Operating 24/7/365, WHPK provides constant company for its small listenership. This dogged airwave presence is made possible by force of the dedication and gracious will of its DJs. But station maintenance is highly decentralized. Sometimes, it is the deed of community members whose love for jazz records birthed decade-old shows. However, a dominant block of WHPK programming is dedicated to the Rock Format, whose tenor is mostly determined by college students fancying themselves as vanguards in their subgenres of preference. Given that only one DJ is usually in the studio at a time, shows implicate solitary gratification of personal tastes. It is thus not surprising that the lack of integration invites human errors of individualism. Dedication and gracious will fall to the wayside come interim schedules–during summer, spring, and winter breaks–when DJs no longer hold down their regular time slots. Then you’re just screwed, and it’s a race to avoid being the chump stuck in the studio overnight because no one volunteered for the six hours after you.
I’ve been that chump before. There’s really no way of rationalizing the completely fleeting motive behind interim volunteering. I have, however, benefited considerably from the perk of free concert tickets provided to WHPK DJs. Perhaps in my mind’s flawed logic, it’s a way to balance radio karma.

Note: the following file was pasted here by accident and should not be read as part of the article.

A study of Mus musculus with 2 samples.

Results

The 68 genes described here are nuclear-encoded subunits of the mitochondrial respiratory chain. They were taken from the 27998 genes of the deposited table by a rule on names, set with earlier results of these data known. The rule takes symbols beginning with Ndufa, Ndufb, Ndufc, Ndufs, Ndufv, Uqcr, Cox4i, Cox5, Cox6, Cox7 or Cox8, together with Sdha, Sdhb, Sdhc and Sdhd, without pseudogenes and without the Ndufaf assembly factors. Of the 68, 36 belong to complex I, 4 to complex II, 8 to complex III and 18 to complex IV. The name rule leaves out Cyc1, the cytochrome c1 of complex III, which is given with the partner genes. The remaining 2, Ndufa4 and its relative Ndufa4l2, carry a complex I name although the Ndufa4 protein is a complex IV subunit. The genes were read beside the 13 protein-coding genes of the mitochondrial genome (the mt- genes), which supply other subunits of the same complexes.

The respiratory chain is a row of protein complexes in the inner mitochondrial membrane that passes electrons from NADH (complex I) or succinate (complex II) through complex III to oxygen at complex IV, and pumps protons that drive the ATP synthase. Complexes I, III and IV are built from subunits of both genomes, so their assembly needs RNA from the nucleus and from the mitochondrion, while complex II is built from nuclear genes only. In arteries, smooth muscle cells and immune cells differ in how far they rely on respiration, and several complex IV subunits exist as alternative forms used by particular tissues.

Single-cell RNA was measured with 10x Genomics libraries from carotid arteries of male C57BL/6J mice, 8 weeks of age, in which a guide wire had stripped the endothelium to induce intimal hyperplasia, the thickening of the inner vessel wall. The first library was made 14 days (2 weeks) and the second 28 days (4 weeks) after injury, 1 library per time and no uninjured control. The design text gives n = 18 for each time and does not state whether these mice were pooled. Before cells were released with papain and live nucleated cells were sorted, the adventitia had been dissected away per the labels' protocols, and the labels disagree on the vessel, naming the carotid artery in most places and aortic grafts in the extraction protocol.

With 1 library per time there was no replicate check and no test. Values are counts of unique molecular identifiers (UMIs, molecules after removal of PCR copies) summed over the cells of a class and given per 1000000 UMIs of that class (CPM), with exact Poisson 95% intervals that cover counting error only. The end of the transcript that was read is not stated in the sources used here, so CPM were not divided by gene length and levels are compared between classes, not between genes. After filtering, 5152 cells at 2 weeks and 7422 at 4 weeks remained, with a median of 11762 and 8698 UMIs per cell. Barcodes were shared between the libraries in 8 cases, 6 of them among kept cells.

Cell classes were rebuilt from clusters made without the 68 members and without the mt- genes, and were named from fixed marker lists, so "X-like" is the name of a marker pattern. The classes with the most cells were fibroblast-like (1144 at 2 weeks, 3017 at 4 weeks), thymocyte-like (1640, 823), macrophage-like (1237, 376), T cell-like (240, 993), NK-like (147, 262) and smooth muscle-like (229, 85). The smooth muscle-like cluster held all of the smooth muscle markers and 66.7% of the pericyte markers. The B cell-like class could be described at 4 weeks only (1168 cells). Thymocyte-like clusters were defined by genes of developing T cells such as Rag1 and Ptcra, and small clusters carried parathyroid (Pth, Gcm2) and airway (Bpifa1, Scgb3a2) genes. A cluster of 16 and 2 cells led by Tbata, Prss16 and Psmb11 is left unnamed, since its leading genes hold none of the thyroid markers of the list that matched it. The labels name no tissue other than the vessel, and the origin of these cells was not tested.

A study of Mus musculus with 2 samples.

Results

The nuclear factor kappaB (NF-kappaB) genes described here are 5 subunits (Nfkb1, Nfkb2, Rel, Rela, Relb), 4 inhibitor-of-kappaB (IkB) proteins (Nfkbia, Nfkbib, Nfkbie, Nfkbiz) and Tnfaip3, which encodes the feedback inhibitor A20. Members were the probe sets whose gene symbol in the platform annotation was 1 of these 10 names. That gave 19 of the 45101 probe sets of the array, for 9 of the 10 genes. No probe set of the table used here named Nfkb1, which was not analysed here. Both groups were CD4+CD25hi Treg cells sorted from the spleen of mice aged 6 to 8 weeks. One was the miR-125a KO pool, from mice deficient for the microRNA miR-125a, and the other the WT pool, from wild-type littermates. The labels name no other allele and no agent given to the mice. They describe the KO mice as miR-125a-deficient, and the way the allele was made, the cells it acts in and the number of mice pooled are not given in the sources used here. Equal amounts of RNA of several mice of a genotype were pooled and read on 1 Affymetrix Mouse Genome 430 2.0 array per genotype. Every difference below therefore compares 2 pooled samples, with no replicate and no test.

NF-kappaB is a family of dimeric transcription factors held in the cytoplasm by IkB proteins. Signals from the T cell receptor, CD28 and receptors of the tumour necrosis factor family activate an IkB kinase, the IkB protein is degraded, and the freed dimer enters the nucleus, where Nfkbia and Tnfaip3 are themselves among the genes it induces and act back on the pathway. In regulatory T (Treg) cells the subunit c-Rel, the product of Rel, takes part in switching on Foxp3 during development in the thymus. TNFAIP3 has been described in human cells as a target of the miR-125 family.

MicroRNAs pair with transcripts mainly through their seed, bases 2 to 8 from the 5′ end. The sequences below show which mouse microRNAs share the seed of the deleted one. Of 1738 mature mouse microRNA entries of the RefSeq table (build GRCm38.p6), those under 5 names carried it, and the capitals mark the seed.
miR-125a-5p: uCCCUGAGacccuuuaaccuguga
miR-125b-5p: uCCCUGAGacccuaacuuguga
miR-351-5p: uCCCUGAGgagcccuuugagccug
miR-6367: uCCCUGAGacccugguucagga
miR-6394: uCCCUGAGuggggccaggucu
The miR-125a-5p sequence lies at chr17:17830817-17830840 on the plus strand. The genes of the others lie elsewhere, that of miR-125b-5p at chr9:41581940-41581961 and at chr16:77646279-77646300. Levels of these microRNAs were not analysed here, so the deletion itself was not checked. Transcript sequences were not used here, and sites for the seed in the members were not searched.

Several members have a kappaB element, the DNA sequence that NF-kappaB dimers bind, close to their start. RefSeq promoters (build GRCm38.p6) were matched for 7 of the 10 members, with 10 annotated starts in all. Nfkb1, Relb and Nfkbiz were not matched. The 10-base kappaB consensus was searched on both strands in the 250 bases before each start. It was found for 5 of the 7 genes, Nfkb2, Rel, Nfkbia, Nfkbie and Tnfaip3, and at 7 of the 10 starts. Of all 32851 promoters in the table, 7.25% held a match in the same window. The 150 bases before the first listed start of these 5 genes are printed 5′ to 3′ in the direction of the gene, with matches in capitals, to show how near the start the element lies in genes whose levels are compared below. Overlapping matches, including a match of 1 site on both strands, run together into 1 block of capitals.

These all-night sessions are a haze of caffeinated semi-lucidity. Sure, college students have no circadian rhythm to speak of, but being confined to a space housing records older and worth more than your life can be draining. I have downed cans of sodas and consumed diabetic shock-inducing amounts of candy to keep awake. In retrospect, I marvel at the fact that I retain the motor skills needed to press buttons.
The first hour starts off great. Then you drop the enthusiasm and dream of bed. DJs quickly learn to cut corners. It is not uncommon, therefore, to hear FCC regulations flagrantly disregarded. I will be the first to admit that I don’t dwell on the rich discourse of copyright infringement when spinning the entirety of an album (by law, you can only play three or four songs, max, from an album in a row). This may sound lazy–and it arguably is–but come 5am, no such qualms remain. Abrasive screeching of hardcore vocals can keep you alert. If a quick nap is desired (necessary), thirty-minute noise tracks are a boon. But the world is really only made good again when the next DJ arrives to relieve you.